Blocking out the noise: A drug treatment to silence tinnitus?

By Carly Lawler
University of Nottingham, UK

This summary was highly commended by the judges for Access to Understanding 2015


Have you ever heard a ringing or buzzing in your ears even though there was no sound playing? Most people have. These phantom sounds are often heard following exposure to loud noise, after a night at a party perhaps. For most people it is a fleeting experience that fades quickly. But some people hear these sounds all the time. This is tinnitus, and it can have a severe impact on a person’s quality of life. Tinnitus can disturb sleep, cause anxiety and depression, and interfere with work and social activities.

What causes tinnitus?

We don’t know for sure. In most cases, tinnitus is thought to be related to hearing loss. Exposure to high levels of noise, at work or recreationally, is a common cause of hearing loss. Loud noise can damage the delicate hair cells in the ear, which reduces sensitivity to sound. Unexpectedly, this can lead to increased activity in parts of the brain that process sounds. This ‘hyperactivity’ in the brain may be a cause of tinnitus.

Hyperactivity: Two distinct stages

Researchers from the University of Western Australia previously showed that, following noise-induced damage to the ear, hyperactivity in the brain develops in two stages. In the first stage, hyperactivity is driven by signals being sent from the ear to the brain. These signals occur spontaneously, even when there is no sound to generate them. In the second stage, hyperactivity becomes self-sustaining, no longer depending on these spontaneous signals from the ear. This led the researchers to ask: If we could reduce the spontaneous signals during the first stage, could we block out hyperactivity and tinnitus?

How might furosemide help?

The drug furosemide is commonly used to treat high blood pressure, although early tests have suggested that it could also reduce tinnitus. Furosemide is known to weaken the spontaneous signals sent from the ear to the brain. Furosemide may therefore be well placed to target hyperactivity during the first stage. If delivered soon after noise-induced damage to the ear, it could reduce hyperactivity and tinnitus. The researchers tested this in the guinea pig. This allowed them to monitor behavioural signs of tinnitus, spontaneous signals sent from the ear to the brain, and hyperactivity in the brain.

Guinea pigs with tinnitus?

The researchers exposed guinea pigs to a loud noise and then monitored them weekly to see if they developed signs of tinnitus. To tell if a guinea pig had tinnitus, the researchers used a test that measures how startled the animal is by a sudden sound. This startle sound is preceded by a quieter sound, which sometimes contains a gap. The gap provides a warning that the startle sound is coming, and so the animal startles less. However, animals with tinnitus aren’t able to detect the gap, and so they startle equally whether or not the gap is present.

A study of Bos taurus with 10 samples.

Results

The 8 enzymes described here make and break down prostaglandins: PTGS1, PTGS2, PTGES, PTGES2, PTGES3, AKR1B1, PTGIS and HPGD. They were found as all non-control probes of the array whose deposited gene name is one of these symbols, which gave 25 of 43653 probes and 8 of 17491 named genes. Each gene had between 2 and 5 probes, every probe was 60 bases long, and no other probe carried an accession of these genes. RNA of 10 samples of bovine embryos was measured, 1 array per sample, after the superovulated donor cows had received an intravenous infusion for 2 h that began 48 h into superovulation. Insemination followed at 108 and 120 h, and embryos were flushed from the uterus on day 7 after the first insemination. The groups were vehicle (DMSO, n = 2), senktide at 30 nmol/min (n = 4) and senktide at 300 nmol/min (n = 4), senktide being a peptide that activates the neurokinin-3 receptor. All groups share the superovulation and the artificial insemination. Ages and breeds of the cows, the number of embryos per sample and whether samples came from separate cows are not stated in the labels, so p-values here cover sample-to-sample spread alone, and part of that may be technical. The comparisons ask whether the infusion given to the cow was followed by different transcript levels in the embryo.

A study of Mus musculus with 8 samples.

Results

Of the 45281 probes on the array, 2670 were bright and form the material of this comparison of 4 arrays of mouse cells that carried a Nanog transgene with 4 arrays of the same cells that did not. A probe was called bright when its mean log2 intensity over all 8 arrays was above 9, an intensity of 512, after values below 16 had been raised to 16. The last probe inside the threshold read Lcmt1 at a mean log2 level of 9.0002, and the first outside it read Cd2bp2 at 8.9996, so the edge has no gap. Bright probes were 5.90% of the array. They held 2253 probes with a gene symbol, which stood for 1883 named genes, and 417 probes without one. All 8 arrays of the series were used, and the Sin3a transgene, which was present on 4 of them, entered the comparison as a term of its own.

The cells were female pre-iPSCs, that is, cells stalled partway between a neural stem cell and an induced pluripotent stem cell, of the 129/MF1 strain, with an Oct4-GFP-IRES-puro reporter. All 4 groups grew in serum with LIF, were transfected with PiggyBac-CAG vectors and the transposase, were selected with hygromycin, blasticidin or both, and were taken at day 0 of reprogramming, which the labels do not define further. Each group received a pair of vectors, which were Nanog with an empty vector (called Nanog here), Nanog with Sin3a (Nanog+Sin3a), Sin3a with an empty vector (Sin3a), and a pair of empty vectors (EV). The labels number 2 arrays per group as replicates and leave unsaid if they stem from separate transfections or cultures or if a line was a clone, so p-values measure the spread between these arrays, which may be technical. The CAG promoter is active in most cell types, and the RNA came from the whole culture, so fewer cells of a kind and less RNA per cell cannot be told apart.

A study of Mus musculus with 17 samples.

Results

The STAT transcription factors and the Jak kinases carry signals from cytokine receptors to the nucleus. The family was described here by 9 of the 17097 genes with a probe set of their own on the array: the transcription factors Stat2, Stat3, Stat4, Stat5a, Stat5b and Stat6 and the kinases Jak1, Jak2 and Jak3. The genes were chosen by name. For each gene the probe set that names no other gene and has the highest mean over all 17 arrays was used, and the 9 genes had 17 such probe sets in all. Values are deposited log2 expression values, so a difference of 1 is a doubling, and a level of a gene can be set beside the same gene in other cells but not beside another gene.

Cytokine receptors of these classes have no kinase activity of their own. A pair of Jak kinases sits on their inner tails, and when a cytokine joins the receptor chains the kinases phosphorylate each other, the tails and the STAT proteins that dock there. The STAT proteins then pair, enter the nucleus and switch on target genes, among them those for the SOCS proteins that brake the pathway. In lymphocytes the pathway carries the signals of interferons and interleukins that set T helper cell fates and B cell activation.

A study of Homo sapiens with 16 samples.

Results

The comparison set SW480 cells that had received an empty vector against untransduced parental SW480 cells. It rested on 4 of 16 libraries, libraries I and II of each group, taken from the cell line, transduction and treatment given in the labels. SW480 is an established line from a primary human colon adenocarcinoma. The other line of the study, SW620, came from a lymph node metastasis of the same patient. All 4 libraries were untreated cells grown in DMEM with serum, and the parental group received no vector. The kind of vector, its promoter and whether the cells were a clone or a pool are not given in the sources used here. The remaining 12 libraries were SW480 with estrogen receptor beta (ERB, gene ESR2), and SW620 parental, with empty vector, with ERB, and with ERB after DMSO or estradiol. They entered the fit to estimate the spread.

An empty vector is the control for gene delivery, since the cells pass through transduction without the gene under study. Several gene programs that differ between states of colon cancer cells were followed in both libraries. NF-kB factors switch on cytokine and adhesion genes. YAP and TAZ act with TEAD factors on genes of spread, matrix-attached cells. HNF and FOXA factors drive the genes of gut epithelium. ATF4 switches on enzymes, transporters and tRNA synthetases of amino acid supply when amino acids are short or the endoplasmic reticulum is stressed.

Just under half of the guinea pigs developed signs of tinnitus. The researchers gave some of these animals a dose of furosemide, which they hoped would reduce tinnitus. They gave the others a salt solution, which they did not expect to have any effect on tinnitus. One hour after receiving furosemide or salt solution, the animals were tested again.

Did furosemide work?

It did. Furosemide reduced the early signs of tinnitus in all of the guinea pigs that received this treatment. In contrast, none of the animals that received the salt solution showed any improvement. This finding provides important evidence that furosemide can reduce tinnitus that develops soon after noise-induced damage to the ear.

To determine how furosemide worked, the researchers exposed another group of guinea pigs to the same loud noise. They made measurements on these animals before and after treatment with furosemide. Furosemide reduced the spontaneous signals being sent from the ear to the brain, and eliminated hyperactivity in the brain. This supports the idea that hyperactivity could have caused the tinnitus that the guinea pigs experienced.

Could furosemide work in humans?

This research shows that treatment with furosemide following loud noise exposure can reduce signs of tinnitus in animals. But could it do the same in humans? What remains unclear is the dosage needed to safely bring about the same effect in humans, and whether the benefits could be sustained over the long term. We also need to understand how soon after loud noise exposure furosemide must be delivered in order to be effective.

Tinnitus is a common complaint among people who are exposed to intense noise, members of the armed forces returning from service, for example. This research offers hope that a drug treatment delivered soon after noise exposure could silence tinnitus.

This article describes the research published in:

Effects of furosemide on cochlear neural activity, central hyperactivity and behavioural tinnitus after cochlear trauma in guinea pig
H. A. M. Mulders , K. M. Barry, D. Robertson PLoS One (2014) 9(5), e97948

This article was selected for inclusion in the competition by Action on Hearing Loss.